Adam Scott labours in wild winds at Australian Masters
Steven Bowditch shot a five-under 67 for a share of the lead after the first round of the Australian Masters in Melbourne on Thursday, upstaging headline act Adam Scott who struggled to cope with windy conditions.
Melbourne: Steven Bowditch shot a five-under 67 for a share of the lead after the first round of the Australian Masters in Melbourne on Thursday, upstaging headline act Adam Scott who struggled to cope with windy conditions.
Bowditch, who celebrated his maiden U.S. Tour win at the Texas Open in March, rolled in four birdies and an eagle in mostly foul conditions at Metropolitan Golf Club before ruing a missed tap-in putt on the 18th that cost him the outright lead.
The 31-year-old will start Friday in a four-way tie with fellow Australians Michael Wright, Stephen Allan and Todd Sinnott, with double defending champion Scott six strokes behind after labouring to a one-over 73.
"I don`t know what I did on 18," Bowditch told reporters after a gloomy day that blew dust in players` faces in the morning before dousing the later groups with light rain.
"It was tough off and on ... It got really windy early, then slowed down, windy (again), changed direction.
"It can get tough out there."
Australians Rhein Gibson and Aaron Price were a stroke further adrift on four-under after shooting 68s.
World number two Scott, bidding for an unprecedented third successive title in the A$1 million ($860,000) event, fumed as hot, northerly winds in the morning turned the sandbelt course into a suburban dust-bowl.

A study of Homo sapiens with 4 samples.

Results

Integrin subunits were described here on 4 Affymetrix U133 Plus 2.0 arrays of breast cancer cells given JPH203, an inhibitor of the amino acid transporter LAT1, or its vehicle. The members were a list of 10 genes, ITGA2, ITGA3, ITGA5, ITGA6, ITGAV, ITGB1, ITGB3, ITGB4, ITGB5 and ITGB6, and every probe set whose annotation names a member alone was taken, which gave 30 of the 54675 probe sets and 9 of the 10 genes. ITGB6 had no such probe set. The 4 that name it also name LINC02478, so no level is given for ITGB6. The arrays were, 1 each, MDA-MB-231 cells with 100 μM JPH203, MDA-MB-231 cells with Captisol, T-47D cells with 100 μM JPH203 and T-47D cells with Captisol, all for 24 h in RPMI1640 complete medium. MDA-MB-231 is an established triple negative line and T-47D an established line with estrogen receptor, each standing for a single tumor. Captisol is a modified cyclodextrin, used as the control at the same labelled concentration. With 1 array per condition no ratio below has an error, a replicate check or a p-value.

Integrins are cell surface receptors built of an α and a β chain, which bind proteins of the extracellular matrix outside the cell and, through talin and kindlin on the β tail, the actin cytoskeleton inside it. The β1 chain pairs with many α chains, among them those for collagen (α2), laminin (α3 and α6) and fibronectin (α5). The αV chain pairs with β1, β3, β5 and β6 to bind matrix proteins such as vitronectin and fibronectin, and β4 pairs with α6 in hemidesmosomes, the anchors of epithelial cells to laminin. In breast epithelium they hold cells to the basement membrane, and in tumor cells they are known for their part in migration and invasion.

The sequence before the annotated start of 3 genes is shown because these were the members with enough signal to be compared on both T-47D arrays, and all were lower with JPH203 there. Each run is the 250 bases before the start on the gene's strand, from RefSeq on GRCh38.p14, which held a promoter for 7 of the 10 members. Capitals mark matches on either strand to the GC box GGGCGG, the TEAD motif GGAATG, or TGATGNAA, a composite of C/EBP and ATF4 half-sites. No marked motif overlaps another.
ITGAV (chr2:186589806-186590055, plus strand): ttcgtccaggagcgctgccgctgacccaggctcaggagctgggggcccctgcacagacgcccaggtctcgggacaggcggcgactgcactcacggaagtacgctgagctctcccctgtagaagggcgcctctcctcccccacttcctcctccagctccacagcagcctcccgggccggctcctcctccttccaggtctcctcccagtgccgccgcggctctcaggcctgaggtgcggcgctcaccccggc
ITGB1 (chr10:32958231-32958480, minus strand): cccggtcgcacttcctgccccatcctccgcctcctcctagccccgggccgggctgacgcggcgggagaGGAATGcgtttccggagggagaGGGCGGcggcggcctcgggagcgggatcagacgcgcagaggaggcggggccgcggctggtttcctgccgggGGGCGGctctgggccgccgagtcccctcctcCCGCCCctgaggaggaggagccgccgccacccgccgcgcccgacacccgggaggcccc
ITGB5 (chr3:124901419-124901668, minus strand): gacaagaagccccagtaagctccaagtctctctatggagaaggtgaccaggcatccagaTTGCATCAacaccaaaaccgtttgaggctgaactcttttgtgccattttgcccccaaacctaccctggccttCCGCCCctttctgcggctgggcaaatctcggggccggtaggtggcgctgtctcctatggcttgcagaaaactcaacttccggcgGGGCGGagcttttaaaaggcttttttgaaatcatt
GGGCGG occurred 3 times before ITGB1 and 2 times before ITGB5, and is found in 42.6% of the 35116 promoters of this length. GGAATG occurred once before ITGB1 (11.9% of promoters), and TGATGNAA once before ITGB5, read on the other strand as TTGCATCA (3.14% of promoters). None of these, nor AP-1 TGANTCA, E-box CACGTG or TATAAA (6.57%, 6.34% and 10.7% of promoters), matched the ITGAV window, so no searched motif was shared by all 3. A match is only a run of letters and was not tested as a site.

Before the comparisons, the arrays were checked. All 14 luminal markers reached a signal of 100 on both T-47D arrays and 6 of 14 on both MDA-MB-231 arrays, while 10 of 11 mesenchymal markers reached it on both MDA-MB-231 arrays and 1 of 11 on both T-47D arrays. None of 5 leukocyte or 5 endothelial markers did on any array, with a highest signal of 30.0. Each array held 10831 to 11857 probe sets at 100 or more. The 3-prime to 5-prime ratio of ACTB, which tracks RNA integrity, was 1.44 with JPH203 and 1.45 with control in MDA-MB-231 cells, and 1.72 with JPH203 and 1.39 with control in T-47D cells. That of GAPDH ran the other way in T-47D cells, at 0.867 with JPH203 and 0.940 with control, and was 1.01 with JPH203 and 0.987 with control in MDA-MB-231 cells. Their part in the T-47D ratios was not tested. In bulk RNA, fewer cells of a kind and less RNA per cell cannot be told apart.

Starting on the 10th, Scott went to the turn at three-over after a double-bogey on the 18th, but clawed back an eagle on the par-five sixth and trudged off with a mixture of relief and frustration.
"If the conditions are the same (tomorrow), just everyone`s out there just hanging on doing the best they can," last year`s U.S. Masters champion told reporters by the scoring hut.
"There`s no way to attack in this wind."
Wright, however, rolled in six birdies and begged for more of the same.
"If it blows like this, the greens are going to be that hard and fast," said the 40-year-old Queensland journeyman.
"But at the same time, that`s Australian golf and that`s why it`s so good."
A croaky-sounding Geoff Ogilvy kept in touch, shooting a solid three-under.
"With the sand and stuff flying around, everyone is going to be a bit messed up today, getting stuff in the eyes and nose," said the 2006 U.S. Open champion.
"It`s a welcome to Melbourne, really."
Weekley, playing with good friend Bowditch, shot an even-par 72.